The government will consider whether failure to pay the TV licence fee should cease to be a criminal offence, a Treasury minister has said.
Rishi Sunak confirmed Prime Minister Boris Johnson has ordered a review of the sanction for non-payment of the £154.50 charge, which funds the BBC.
Prosecution for non-payment of the fee can currently end in a court appearance and potential fine of up to £1,000.
But the BBC warned decriminalisation could cost it £200m a year.
The Sunday Telegraph reported the consultation had been ordered by the PM after the Conservatives won a majority of 80 at last week’s election.
Asked whether non-payment of the fee should be decriminalised, Mr Sunak told the BBC’s Andrew Marr Show: “That is something the prime minister has said we will look at, and has instructed people to look at that”.
“I think it’s fair to say people find the criminalisation of non-payment of the licence fee to be something that has provoked questions in the past,” he said.
The BBC was an “incredibly important national institution,” Mr Sunak said, but enforcement of licence fee payment was something “specific that we can and should look at”.
He said he would not “speculate” on the long-term future of the licence fee itself, adding that it had been “secured” through to 2027, when the current Royal Charter governing the corporation ends.
But he added: “How people consume media is changing, and it is of course right we continue to look at those things over time.”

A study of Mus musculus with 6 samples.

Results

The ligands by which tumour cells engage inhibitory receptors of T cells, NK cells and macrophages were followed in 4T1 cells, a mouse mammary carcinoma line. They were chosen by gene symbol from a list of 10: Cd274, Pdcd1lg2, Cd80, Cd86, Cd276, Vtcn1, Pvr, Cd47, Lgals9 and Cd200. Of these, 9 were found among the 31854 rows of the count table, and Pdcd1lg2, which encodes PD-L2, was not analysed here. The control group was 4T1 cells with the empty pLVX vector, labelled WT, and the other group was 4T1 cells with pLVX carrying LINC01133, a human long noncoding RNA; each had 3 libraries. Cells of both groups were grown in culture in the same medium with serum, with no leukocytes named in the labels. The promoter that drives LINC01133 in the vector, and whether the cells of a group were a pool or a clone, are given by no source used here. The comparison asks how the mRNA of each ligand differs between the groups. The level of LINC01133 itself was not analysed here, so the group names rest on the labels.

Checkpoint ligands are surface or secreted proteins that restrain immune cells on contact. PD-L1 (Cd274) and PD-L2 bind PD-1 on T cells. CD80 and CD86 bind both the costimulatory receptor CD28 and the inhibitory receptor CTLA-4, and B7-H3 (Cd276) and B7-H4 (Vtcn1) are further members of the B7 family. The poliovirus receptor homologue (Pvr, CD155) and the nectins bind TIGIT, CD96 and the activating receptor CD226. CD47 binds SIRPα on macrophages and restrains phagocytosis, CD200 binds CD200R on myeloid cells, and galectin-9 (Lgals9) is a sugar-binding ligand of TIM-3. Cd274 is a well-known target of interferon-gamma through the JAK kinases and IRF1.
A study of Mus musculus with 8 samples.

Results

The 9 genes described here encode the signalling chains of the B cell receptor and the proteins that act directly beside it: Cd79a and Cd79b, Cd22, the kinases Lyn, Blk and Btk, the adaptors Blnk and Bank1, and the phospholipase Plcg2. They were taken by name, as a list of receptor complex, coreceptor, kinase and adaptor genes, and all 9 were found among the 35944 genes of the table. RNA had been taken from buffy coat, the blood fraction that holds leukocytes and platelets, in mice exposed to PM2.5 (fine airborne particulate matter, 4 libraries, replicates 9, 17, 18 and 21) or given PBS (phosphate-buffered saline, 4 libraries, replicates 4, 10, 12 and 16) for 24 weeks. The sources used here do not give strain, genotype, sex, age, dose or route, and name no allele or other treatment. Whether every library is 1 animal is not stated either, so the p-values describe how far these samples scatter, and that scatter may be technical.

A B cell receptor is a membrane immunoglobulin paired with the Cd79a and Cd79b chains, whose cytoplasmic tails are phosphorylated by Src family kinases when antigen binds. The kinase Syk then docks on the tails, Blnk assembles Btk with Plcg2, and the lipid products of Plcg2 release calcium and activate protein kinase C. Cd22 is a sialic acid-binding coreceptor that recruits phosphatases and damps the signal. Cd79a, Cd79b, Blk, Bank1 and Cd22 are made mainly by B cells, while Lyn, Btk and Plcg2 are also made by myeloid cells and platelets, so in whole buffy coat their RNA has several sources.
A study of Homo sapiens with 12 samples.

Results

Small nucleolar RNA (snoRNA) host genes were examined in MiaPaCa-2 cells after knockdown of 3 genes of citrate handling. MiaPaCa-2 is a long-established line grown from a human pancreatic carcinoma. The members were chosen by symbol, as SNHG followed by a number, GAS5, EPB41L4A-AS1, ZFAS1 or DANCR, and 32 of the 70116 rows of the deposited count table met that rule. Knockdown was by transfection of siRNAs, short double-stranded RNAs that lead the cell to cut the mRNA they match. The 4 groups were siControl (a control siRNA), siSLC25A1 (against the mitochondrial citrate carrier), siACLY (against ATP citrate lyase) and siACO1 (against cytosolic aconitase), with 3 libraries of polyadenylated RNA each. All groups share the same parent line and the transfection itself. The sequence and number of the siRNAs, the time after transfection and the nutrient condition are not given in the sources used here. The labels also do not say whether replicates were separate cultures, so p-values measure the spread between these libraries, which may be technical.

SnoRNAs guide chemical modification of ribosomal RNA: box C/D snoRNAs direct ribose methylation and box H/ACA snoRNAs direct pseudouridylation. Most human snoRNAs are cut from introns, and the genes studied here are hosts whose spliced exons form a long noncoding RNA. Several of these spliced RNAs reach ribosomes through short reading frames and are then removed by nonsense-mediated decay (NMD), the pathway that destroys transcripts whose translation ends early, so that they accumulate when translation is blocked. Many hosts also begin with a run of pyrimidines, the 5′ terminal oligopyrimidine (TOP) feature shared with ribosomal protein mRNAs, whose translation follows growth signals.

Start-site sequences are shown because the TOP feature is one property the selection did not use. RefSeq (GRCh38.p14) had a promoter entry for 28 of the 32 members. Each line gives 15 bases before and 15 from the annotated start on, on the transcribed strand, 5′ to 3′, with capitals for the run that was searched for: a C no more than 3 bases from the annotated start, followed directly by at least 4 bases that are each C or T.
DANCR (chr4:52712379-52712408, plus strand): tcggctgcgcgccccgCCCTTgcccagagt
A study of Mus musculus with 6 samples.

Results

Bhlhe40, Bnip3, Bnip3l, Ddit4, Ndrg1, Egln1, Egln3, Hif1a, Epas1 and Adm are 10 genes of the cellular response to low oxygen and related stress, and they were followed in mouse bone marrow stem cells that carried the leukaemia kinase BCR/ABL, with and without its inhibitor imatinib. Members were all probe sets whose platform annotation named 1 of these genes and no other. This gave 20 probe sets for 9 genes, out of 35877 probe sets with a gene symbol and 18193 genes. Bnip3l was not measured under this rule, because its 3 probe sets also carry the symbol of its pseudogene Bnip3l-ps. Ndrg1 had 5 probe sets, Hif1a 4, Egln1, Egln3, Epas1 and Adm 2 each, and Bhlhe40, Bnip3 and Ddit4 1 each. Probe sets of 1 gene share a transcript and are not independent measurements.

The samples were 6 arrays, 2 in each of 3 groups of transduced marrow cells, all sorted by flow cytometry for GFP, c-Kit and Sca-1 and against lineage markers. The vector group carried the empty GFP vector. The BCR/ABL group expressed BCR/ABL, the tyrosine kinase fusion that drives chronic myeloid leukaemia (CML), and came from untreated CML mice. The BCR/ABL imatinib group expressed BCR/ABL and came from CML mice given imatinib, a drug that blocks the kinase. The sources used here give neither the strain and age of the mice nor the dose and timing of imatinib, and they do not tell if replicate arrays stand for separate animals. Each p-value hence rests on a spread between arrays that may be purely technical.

Income from the licence fee was worth £3.6bn to the BBC in the last financial year, accounting for approximately 75% of the broadcaster’s revenues.
During the election campaign, Prime Minister Boris Johnson said he thought replacing the licence fee entirely needs “looking at”.
“You have to ask yourself whether that approach to funding a media company still makes sense in the long term given the way that other organisations manage to fund themselves,” he said.
“The system of funding out of what is a general tax bears reflection”.
A BBC spokesman said a previous government review had recommended against changing the criminal sanctions regime for the licence fee system.
“The government has already commissioned a QC to take an in-depth look at this matter and he found that ‘the current system of criminal deterrence and prosecution should be maintained’ and that it is fair and value for money to licence fee payers,” the spokesman said.
“The review also found that non-payment cases accounted for ‘a minute fraction’ – only 0.3% – of court time.”